After spending years analyzing political propaganda and bad philosophy, you might think that manipulation reveals itself like flatus in an elevator, but it does not. You get lulled in, doze off in your inner critical faculty, and then suddenly wake up screaming once the horror becomes too real.
Get Thrashed! oozes into a smarmy nostalgic documentary about how cool speed metal (called “thrash metal” by the Hit Parader readers who wrote it) was and how it is, like, the meaning of life, broheim, but halfway through it becomes clear what is being excluded.
Most people after all hate and fear cause-effect logic, and this documentary is no different: the cause of speed metal is, well, speed metal. But it ignores the background of the music, mostly writes thrash and punk out of the equation, and ignores the great branching in the history of metal.
To recap, in the late 1960s metal formed from proto-punk, progressive rock, heavy rock, and soundtracks. Within a decade it was sold out, and people launched hardcore punk to get back on track to outsider art, or the perspective outside the bourgeois pacifistic normie view.
This perspective, after all, is necessary for seeing more of society how it is, by seeing more of life how it is and not how it is described in social situations and advertising, because that kind of viewpoint gives metal its “heavy” approach both lyrically and artistically.
In its day, Black Sabbath was like Slayer would rather be, the non plus ultra of music, and Led Zeppelin was what Pantera would be, the groove-oriented less outsider and more just good times music. Mixing the two produced radio metal, and NWOBHM reinvented that to make it good again.
By the early 1980s, hardcore punk had hit its peak with The Exploited, Discharge, Amebix, Black Flag, Agnostic Front, and the Cro-Mags. Honing in on Discharge and The Exploited, adding a little Motorhead, the next generation of metal built on Judas Priest, Iron Maiden, Mercyful Fate, and Venom.
Speed metal was thus born in in a triune manifestation of the spirit behind metal: thrash like DRI with Violent Pacification, proto-death like Slayer with Show No mercy, and galloping speed metal like Metallica with Kill ‘Em All were all birthed in 1983.
It is worth mentioning because they always get overlooked that Hellhammer, Sodom, and Bathory were also active in this time. Combined with Slayer, these became the branch that flowered into death metal and a year later black metal.
These bands took the hardcore approach that streamlined rock into guitar music. Instead of guitars as timekeepers with vocal harmony ruling, the guitars were a melodic instrument and songs were structure after the unique expression of riff and song topic.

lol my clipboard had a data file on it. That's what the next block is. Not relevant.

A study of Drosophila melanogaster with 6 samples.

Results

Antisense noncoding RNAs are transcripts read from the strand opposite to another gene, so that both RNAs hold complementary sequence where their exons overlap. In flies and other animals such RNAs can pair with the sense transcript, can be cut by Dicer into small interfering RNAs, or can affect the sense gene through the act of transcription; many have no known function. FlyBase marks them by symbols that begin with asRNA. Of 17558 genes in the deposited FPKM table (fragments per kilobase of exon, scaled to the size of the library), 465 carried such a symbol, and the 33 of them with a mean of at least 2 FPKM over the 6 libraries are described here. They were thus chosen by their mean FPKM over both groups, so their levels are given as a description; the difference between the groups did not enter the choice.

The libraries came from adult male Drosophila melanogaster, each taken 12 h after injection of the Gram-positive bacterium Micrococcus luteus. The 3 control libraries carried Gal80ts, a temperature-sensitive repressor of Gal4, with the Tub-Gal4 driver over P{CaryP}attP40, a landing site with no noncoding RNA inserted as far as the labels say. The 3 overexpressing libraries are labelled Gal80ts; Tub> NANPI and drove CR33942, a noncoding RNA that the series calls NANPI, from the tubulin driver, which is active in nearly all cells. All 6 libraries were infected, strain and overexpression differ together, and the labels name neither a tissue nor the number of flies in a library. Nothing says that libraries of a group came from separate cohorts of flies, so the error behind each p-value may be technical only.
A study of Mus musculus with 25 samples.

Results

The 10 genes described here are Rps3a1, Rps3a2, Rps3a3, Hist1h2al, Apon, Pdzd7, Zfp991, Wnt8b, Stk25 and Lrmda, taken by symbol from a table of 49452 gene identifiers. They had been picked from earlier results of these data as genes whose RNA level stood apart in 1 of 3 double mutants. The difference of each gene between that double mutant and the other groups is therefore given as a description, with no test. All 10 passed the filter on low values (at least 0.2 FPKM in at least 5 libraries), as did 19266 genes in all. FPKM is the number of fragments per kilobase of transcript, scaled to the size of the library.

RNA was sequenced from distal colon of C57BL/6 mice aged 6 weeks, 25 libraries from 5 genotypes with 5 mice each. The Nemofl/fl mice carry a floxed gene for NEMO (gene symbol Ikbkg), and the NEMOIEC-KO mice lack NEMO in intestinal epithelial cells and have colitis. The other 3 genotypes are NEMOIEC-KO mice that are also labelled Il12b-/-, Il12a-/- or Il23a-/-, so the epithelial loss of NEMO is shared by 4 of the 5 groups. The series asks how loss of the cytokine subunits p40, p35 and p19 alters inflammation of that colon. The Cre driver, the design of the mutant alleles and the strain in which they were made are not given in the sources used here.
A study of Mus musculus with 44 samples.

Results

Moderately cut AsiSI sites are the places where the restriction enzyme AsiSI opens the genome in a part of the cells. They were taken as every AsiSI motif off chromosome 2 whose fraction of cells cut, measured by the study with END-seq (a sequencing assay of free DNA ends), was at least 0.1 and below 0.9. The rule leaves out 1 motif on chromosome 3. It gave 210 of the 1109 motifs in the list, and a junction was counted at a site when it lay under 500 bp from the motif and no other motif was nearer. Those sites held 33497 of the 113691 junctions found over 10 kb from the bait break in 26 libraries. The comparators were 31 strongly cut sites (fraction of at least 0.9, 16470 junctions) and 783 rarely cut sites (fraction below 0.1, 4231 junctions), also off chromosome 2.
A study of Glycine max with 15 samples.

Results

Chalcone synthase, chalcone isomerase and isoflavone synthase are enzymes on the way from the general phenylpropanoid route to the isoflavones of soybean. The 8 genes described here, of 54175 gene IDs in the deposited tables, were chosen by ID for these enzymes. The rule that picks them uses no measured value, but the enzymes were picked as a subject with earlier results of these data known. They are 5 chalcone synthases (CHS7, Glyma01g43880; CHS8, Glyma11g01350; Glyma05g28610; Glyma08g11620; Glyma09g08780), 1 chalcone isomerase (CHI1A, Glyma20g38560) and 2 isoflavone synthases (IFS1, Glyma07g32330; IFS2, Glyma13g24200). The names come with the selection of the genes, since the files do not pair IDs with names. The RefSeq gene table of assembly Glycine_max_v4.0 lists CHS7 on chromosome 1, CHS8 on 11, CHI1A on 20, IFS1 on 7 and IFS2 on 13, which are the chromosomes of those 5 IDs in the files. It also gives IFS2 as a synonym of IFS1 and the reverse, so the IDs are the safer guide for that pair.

This got music back to a clearer state of mind, where song structure was unique to each song and the music itself did the expressing instead of the constant singing like propaganda broadcast over loudspeakers in a concentration camp for alienated dissidents.
Thrash was its own thing, basically punk bands using metal riffs to make punk less droning and one-note, and experimenting with song structure to avoid the verse-chorus pop format into which punk rock (but not punk hardcore) had fallen.
Bands like DRI, Cryptic Slaughter, Dead Horse, COC, Suicidal Tendencies, Void, MDC, Fearless Iranians From Hell, and yes even MOD/SOD took this genre into a new place. It rejected the crowd-friendly aspects of hardcore and the preening, somewhat dramatic years of glam metal in the same motion.
Thrash helped inspire the rising speed metal movement and vice-versa, and both of those influenced the proto-death/black bands that spawned many subgenres in black metal and death metal. Speed metal always wanted to be cool like thrash and edgy like death metal, but not go that far.
Trying to make this complex theory into a product, Get Thrashed! comes up with its own vision of history: speed metal created itself out of a desire to be heavy, and everything else came out of speed metal, including nü-metal and maybe even hardcore punk.
The documentary specializes in stacking excerpts of very similar interviews, most of which focus on the superficial aspects of “the scene” and the fans. If it were not for Katon de Pena and Blitz Ellsworth throwing in occasional lucid statements, this would be pure drivel.
Even worse, it falls into utter Pantera-worship based on the idea that Pantera somehow stole metal back from those evil grunge guys, and yeah, it did sort of have groove like nü-metal and wail like emo, but really it was the rebirth of thrash!
Concert shots are heavily edited into short little clips, often accompanied by the music from bands other than the one being shown, and while there are lots of cool shots of memorabilia, very little is explained beyond the few points of contact that the interview subjects had with the subject matter.
In the end, the documentary trails off in a blaze of nostalgia, fratboy alcoholism, and shell game action to explain why speed metal died in 1988 and just totally disappeared until being reborn as power metal, which gets no mention in this film despite being around at the time.
Do we hear from Iced Earth? Doomstone? Even terrible garbage like Hammerfall? No, the nostalgia truck keeps on driving like the Cliff Burton death bus, headed for the black ice of cold reason, at which point it skids off and vanishes with a crash into the credits.